Emigration from Estonia will stop only after employers start to regard wage costs as an investment, according to Rainer Aunpu, CEO and owner of Smart Valley OÜ. The following are excerpts from his column that was published in today’s Äripäev.
Until employers believe that it’s OK to pay 600 euros in net monthly wages to a full-time family father, wage emigration will not stop. Things would change if we were in a major crisis, but Estonia is at present in the phase of stable development that does not favour radical changes.
On the state level, ruling parties seem to lack motivation to do anything to radically stop emigration. No politician on power is not ready to commit a political suicide in the name of the country’s development even if they have ideas that they believe in.
I am not blaming politicians because they are acting as is natural and expected from them. What is important is to understand that the solutions that we need are mainly political. One problem is the old thinking of Estonia’s best-known and recognised entrepreneurs. They namely believe that costs must not be increased notably before increasing income.
The reason is that they built up their current successful businesses by privatising former state enterprises, without having to make any major investments. People who are used to earn money without having to invest will naturally teach everyone else the same approach.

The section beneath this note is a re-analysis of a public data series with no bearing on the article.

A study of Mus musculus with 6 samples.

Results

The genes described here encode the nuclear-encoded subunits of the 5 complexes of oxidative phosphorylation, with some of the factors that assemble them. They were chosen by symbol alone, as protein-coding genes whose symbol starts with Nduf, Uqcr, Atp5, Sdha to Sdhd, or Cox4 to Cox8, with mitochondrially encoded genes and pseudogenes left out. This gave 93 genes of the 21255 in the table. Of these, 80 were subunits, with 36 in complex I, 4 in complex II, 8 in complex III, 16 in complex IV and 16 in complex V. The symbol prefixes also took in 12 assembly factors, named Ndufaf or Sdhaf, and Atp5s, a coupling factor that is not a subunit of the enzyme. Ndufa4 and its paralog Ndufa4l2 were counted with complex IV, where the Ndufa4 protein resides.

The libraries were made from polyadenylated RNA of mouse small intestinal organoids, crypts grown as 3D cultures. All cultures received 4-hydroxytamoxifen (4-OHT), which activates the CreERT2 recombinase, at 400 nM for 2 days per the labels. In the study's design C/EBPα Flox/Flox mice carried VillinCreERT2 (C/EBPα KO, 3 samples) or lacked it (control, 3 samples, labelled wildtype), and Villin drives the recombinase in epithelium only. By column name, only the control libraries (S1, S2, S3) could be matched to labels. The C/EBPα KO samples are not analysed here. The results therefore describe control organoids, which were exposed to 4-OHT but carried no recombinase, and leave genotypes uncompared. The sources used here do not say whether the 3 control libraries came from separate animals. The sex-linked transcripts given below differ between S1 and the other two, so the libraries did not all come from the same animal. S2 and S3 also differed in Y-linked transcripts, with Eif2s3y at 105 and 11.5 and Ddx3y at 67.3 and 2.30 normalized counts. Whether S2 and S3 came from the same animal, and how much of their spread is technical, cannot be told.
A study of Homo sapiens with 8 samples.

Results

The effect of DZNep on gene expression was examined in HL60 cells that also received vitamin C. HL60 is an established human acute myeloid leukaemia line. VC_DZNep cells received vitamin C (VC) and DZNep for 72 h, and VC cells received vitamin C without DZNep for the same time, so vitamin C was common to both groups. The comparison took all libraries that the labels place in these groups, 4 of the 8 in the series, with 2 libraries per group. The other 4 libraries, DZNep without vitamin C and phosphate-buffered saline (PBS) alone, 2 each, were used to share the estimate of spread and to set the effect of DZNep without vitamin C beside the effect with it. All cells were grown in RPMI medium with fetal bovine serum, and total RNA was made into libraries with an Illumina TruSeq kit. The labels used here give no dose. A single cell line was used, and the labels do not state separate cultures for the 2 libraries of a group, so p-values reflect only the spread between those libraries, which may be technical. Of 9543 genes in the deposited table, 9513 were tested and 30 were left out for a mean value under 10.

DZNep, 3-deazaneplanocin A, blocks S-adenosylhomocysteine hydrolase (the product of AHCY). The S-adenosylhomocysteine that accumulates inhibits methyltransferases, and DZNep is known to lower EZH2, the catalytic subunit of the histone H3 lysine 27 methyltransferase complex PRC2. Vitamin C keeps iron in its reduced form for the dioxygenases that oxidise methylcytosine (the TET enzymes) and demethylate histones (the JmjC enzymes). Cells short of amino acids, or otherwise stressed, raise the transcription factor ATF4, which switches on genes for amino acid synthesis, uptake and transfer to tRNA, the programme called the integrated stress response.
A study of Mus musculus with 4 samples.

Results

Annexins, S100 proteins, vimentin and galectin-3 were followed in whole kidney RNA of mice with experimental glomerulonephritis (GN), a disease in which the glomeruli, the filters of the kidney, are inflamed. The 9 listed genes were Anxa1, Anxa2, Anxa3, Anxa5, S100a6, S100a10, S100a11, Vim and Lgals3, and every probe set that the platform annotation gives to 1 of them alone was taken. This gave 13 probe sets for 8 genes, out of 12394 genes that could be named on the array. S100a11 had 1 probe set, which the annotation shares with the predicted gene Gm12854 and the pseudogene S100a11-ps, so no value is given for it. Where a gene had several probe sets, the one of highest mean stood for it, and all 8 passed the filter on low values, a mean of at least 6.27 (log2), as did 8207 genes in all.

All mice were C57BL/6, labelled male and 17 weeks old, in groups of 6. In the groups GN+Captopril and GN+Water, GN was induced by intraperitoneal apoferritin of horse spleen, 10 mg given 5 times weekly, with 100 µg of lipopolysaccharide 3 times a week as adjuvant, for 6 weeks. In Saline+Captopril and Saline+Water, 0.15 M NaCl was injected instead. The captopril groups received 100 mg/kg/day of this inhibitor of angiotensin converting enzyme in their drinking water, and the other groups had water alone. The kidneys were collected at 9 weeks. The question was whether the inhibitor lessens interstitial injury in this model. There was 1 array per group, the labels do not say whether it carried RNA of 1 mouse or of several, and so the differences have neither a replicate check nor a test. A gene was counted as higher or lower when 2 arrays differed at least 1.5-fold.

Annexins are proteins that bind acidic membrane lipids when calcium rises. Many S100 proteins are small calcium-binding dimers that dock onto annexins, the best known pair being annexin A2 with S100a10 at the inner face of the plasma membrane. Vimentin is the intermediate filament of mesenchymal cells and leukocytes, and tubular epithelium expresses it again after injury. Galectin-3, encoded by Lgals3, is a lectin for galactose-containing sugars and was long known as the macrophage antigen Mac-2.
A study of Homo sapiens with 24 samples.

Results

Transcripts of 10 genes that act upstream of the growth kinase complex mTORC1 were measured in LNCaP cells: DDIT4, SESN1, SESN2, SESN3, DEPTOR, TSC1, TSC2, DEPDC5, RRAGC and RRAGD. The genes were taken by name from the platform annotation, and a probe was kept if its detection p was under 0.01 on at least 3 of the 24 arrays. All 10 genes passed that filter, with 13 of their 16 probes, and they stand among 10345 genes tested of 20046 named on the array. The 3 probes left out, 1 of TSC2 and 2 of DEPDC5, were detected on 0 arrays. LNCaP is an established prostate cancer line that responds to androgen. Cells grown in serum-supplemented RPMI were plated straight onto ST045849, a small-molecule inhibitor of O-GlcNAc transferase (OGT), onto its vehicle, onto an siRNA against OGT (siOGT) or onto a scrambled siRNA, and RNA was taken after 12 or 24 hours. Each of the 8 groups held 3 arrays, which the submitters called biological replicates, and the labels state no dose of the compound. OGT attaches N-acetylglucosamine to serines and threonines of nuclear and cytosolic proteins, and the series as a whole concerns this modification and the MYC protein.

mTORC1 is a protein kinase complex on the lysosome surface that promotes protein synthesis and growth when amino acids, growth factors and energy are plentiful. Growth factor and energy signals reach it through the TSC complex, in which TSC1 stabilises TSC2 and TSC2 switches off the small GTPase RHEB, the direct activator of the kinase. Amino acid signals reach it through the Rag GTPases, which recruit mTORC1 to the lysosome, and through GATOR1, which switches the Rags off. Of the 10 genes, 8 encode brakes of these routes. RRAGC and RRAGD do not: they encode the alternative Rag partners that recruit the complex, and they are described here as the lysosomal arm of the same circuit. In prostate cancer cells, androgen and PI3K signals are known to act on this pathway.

The problem is that this model is no longer working. There are no free assets, no privatisation and banks that lend money based on gentlemen’s agreements. These times are gone. It’s time to start truly investing in people. The key is to pay decent salaries and teach employees to use their salary well.
When people have enough money and no longer need to fight for survival, they can start to realise their potential as an employee or an entrepreneur. The wage costs of the employees of this company amounted to 4.7% of the company’s turnover in 2012. This shows the attitude of our employers to the companies’ most expensive asset.
I recommend to transfer wage costs to the investment line in the balance sheet. Then many entrepreneurs would not see wage increases as a major problem. Perhaps such an approach could even appeal to the state and it could start paying support for wage investments.